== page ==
Talking Trade blog
A looming US trade war with China? Really?
Published 23 December 2016
Normally, we would not do CNBC interviews or roll out a blog post on the eve of Christmas, New Year’s celebrations and the end of the year “dead time” in the office. But our friends in Washington DC are continuing to make trade and trade policy too interesting to ignore.
The latest is the elevation of Peter Navarro to a newly created post of trade “czar” in the White House. Navarro started life as a fairly normal Harvard-trained economist, but has gained a reputation as an economic nationalist and a strident anti-China proponent.
The terms may sound too strong. Watch the opening 30 seconds of his video documentary in which he urges viewers to “defend America and protect your family” by not buying Chinese products. The film is called “Death by China: How America Lost Its Manufacturing Base.”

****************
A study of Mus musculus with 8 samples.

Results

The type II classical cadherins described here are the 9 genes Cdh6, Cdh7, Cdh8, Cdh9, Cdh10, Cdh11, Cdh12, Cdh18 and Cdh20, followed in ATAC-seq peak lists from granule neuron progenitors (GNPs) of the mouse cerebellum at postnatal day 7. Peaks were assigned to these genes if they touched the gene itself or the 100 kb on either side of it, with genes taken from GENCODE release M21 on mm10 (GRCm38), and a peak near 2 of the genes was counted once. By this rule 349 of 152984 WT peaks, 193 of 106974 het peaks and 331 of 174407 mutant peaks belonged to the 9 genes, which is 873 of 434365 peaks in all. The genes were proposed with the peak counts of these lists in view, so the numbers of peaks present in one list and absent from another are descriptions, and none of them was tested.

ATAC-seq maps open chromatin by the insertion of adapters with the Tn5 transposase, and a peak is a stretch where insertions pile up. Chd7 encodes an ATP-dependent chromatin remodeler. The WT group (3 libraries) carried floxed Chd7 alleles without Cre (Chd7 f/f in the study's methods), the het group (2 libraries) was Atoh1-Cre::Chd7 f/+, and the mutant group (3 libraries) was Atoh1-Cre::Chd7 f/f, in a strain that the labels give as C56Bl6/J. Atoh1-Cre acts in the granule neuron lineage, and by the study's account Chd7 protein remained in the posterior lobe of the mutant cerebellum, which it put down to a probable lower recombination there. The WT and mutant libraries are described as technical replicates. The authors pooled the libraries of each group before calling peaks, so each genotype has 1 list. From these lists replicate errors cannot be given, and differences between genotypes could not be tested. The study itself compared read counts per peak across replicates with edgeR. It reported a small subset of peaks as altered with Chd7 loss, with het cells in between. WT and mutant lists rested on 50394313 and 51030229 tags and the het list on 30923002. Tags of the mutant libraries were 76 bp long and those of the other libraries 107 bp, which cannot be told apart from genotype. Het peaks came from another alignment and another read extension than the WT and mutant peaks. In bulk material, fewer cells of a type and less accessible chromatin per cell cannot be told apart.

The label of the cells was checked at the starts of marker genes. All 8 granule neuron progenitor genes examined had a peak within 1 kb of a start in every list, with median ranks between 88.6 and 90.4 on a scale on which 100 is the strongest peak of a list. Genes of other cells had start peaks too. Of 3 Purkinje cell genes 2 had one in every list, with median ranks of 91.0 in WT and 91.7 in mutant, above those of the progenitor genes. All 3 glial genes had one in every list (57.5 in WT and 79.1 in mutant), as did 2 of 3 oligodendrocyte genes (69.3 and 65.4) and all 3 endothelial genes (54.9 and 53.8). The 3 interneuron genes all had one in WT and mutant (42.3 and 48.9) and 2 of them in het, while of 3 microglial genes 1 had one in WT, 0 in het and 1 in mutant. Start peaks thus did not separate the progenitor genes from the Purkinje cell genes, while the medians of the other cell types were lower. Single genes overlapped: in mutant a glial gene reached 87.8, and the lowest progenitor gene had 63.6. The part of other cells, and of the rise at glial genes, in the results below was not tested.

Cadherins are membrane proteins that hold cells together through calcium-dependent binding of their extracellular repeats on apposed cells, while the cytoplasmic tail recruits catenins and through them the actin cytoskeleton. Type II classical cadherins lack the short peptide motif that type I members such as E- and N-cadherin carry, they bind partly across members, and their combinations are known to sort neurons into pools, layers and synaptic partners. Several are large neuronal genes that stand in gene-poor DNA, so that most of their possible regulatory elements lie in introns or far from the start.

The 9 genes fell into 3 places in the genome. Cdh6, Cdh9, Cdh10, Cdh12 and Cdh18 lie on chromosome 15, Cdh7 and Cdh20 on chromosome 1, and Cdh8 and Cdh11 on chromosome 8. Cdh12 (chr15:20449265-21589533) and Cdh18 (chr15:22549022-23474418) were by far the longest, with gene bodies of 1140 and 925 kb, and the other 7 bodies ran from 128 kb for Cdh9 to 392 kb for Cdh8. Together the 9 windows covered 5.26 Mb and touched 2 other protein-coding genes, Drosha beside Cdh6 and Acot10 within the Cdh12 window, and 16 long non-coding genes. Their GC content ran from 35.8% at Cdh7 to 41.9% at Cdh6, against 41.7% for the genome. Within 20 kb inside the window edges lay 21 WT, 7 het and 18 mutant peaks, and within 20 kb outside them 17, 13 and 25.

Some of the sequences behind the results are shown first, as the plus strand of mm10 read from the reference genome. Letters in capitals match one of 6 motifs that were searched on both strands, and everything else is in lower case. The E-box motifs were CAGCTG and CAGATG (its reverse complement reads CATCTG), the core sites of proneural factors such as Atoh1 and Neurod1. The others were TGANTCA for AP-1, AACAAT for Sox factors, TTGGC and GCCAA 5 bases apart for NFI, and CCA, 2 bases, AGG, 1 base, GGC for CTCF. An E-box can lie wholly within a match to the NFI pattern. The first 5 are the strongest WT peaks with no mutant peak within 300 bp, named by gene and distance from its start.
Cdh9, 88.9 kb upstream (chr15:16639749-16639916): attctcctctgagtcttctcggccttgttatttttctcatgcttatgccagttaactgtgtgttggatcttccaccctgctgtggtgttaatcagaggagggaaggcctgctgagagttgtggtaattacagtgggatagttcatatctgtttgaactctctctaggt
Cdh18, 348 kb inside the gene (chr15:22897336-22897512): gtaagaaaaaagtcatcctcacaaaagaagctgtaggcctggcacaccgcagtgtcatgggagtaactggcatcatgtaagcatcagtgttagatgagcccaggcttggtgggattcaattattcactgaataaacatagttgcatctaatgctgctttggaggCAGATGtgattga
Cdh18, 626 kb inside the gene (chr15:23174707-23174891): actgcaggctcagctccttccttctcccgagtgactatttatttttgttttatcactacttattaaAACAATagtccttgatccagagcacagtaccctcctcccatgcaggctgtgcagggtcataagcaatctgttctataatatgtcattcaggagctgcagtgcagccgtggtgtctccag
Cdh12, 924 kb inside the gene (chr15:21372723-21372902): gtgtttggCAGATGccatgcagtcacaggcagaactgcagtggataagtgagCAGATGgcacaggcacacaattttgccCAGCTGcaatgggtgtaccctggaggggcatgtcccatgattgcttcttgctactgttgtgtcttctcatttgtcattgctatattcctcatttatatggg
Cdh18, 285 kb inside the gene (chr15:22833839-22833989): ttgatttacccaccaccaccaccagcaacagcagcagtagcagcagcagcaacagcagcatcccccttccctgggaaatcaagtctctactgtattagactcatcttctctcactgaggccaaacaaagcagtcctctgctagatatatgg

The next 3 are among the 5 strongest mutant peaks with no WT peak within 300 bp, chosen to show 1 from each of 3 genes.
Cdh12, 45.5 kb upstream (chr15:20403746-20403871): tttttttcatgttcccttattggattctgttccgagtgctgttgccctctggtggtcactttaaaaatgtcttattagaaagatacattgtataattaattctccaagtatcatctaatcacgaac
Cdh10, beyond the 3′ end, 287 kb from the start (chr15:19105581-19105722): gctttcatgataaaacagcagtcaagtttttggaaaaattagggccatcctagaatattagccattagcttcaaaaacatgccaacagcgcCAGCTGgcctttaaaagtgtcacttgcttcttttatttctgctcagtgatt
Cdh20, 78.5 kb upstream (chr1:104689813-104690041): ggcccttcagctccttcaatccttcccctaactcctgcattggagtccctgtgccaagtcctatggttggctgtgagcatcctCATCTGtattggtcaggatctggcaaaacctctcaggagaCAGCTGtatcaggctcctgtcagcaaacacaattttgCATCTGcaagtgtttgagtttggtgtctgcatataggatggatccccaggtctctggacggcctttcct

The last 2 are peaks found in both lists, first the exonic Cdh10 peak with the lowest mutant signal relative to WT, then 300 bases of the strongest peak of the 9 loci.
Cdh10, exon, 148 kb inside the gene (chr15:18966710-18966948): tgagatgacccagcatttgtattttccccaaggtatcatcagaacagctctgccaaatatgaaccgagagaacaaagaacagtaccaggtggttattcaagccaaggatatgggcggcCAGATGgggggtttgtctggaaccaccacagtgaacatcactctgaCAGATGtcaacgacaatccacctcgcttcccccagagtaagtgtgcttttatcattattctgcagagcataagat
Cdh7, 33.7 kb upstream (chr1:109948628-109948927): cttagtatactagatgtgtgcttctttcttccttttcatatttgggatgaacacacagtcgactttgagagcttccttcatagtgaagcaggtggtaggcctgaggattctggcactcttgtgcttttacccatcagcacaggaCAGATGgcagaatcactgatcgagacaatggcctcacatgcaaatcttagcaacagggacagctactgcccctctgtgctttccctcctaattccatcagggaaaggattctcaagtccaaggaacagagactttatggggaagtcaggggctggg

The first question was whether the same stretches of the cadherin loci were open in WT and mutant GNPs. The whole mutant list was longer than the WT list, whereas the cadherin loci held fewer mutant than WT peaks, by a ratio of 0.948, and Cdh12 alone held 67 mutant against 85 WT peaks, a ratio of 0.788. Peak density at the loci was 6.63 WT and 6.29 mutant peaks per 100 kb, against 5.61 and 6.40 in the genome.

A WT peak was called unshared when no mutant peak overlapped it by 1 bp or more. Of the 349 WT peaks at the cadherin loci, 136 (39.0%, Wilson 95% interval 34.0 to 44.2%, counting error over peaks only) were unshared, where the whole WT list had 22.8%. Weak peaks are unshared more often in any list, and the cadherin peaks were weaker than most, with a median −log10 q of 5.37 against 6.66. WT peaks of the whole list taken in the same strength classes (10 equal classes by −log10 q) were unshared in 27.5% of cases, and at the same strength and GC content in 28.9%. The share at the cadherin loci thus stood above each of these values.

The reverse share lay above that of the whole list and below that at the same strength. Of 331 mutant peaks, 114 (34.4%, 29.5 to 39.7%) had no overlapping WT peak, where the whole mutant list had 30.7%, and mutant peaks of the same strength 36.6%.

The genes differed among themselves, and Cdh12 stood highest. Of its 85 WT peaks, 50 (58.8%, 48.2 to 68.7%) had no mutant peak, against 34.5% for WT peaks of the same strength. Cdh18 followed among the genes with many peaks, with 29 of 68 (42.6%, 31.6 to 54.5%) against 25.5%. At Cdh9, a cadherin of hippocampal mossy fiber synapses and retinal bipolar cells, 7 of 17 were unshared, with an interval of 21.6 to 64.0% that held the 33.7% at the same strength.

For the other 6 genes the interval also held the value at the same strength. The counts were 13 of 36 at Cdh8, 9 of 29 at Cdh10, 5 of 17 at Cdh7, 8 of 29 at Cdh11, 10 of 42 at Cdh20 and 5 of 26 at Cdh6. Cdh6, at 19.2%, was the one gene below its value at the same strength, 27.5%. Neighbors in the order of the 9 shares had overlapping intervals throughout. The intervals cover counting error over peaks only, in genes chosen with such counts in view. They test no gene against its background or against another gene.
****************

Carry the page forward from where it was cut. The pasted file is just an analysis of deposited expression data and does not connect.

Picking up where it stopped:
Navarro genuinely believes that the United States is already on the losing end of a trade war with the China. This point is the basis for his economic policy paper on the Trump agenda written with the incoming US Commerce Secretary Wilbur Ross.
Navarro’s anti-China view may be shared more widely. Carl Icahn said in an interview with CNBC, “If you have a trade war with China…and you’re going to do it, you should get it over with, right?”
Icahn has just been named by Trump as a special advisor on regulatory issues.
Note that neither of these two positions is subject to confirmation by Congress. Trump has now personally selected both men to give him private input and wise counsel on trade policy in the White House.
If your advisors believe you are already engaged in a war or are inevitably going to have one, then you are much less fussed about whatever collateral damage takes place along the way. You are probably not constrained. Your “pragmatic business instincts” aren’t necessarily going to reign you in.
Trump appears to be radically restructuring trade policy in his administration. USTR may no longer be in charge. Instead policy is moving to Commerce under Ross and to the newly created National Trade Council lead by Navarro.
It is certainly staying interesting. We will continue to keep a careful watch on what else is happening on the trade front.